Research & Analysis

Preventing hatred and suspicion would be a bigger struggle

Different ethnic and religious Sri Lankan groups responded and behaved in different ways to the April 2019 attack. The Sinhala Buddhist community, which is the major ethnic group in Sri Lanka, holds a pessimistic and extremist view.

Going back to the initial stages after this attack, it was the Sinhala Buddhist community who were initially accused harming the mutual link between two religious groups, Buddhist and Catholic. And later with proper investigations, it was found out that extremist Muslim groups were responsible for planning and executing the attacks. As Sri Lankan Defense Intelligence found out the nine suicide bombers who belonged to the extremist terrorist group National Thowheeth Jama’ath Jammiyathul Millathu did this attack.

In the island nation, there was never a conflict between Christians and Buddhists, but with the accusation which was first directed to Buddhists, the Christian community were disappointed and built suspicion. Soon after the investigations, with the compassionate and inspiring speech by the head of Sri Lanka’s Roman Catholic Church, Cardinal Malcom leading to appreciation by the whole nation as it had been a greater influence to calm down the hatred among the ethnic groups.

At this stage, the Buddhist society was bonding with the Christian community as Buddhists thought it happened to their own and was against the extremist Muslims. Sinhala Buddhists shared support and love through social media to the families of victims of the Easter attack and to the entire Christian community. Unfortunately, a small section within the Sinhala Buddhists carried out hate speech through social media sources against the entire Muslim community leading to a social media ban by the Sri Lankan government. Rumours were passed by the Sinhala Buddhists, offending Muslim communities in the process.

The extremists Muslims also carried out the hate speech making situations worse.

All these tensions resulted in a change of lifestyle as well. Sinhala Buddhists refused to go to Muslim shops to purchase goods creating a mistrust towards Muslims.

Because of security reasons, the Sri Lankan Government had to take measures. One was to ban the head covering of Muslim ladies which was not appreciated by the Muslims as it went against their laws and customs. The Muslim community perceived this new rule as a threat to their freedom to follow customs, the Sinhala majority felt supported by this. At that period of time, Sri Lankan government wanted to restore the normal life but they knew that there could be possible attacks, as for that they had taken security level measures with the help of Police and Forces for each school, university and religious places all over the nation.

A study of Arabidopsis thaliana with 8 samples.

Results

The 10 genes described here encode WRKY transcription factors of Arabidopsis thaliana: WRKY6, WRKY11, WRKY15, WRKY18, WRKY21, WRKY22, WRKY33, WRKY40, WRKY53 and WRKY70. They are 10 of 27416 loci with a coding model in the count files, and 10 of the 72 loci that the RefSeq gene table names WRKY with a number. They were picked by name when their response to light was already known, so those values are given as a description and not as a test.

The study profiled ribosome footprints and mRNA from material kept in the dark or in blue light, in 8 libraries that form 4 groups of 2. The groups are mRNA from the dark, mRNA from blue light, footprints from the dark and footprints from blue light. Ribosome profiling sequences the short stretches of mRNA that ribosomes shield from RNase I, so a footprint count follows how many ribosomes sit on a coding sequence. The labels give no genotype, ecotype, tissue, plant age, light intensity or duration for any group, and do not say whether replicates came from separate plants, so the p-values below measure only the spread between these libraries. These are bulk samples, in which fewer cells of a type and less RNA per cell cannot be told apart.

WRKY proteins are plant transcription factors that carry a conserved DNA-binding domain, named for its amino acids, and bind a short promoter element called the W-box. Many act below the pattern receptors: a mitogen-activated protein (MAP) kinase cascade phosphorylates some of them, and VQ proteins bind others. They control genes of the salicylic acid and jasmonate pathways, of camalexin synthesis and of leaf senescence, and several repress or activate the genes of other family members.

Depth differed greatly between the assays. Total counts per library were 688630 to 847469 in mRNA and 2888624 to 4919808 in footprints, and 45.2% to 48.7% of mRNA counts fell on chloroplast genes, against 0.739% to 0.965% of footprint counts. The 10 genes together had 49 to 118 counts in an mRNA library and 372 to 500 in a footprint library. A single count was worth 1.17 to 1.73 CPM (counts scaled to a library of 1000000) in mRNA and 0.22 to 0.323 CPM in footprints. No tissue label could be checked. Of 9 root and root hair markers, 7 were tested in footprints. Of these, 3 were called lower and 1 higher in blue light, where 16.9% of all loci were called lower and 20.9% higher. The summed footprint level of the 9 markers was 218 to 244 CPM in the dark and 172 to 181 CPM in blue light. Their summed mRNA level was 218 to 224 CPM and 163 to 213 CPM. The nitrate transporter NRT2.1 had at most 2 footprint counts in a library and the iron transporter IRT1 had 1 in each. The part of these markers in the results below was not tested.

And this situation resulted in tensions during the Presidential election which were held last year. Muslim community feared to vote for Gotabaya Rajapaksa who is the current Sri Lankan President because Muslims fear he would favour the Majority; Sinhala Buddhists.

Some critics say that the Easter attack had become political with parties wanting to benefit from the same. It has already been a year since the  Easter attack; even though the government has arrested the suspects linked to the attack, Sri Lanka is yet to witness harmony. Inherent suspicion and hatred have become a bigger virus than the COVID-19; a section within the majority even suspect a conspiracy in the recent CoronaVirus spread.

Given the current divide, there seems to be no end to negativity. Preventing this hatred would be the biggest struggle between the Muslims and Sinhalese in the years to come.

 


On 21 April 2019, terrorists owing allegiance to the Islamic State targeted churches and hotels in Colombo, as people were celebrating the Easter Sunday. More than 250 were killed, and 500 injured.

One year later, the International Peace Research Initiative (IPRI) within the Conflict Resolution and Peace Research Programme (CRPR) at the NIAS looks at the lessons learned, the road ahead, and issues that need to be addressed. The IPRI debate on “One year after the attacks in Sri Lanka” is multi-disciplinary, looking at inter and intra-ethnic relations, policy inputs, security and justice.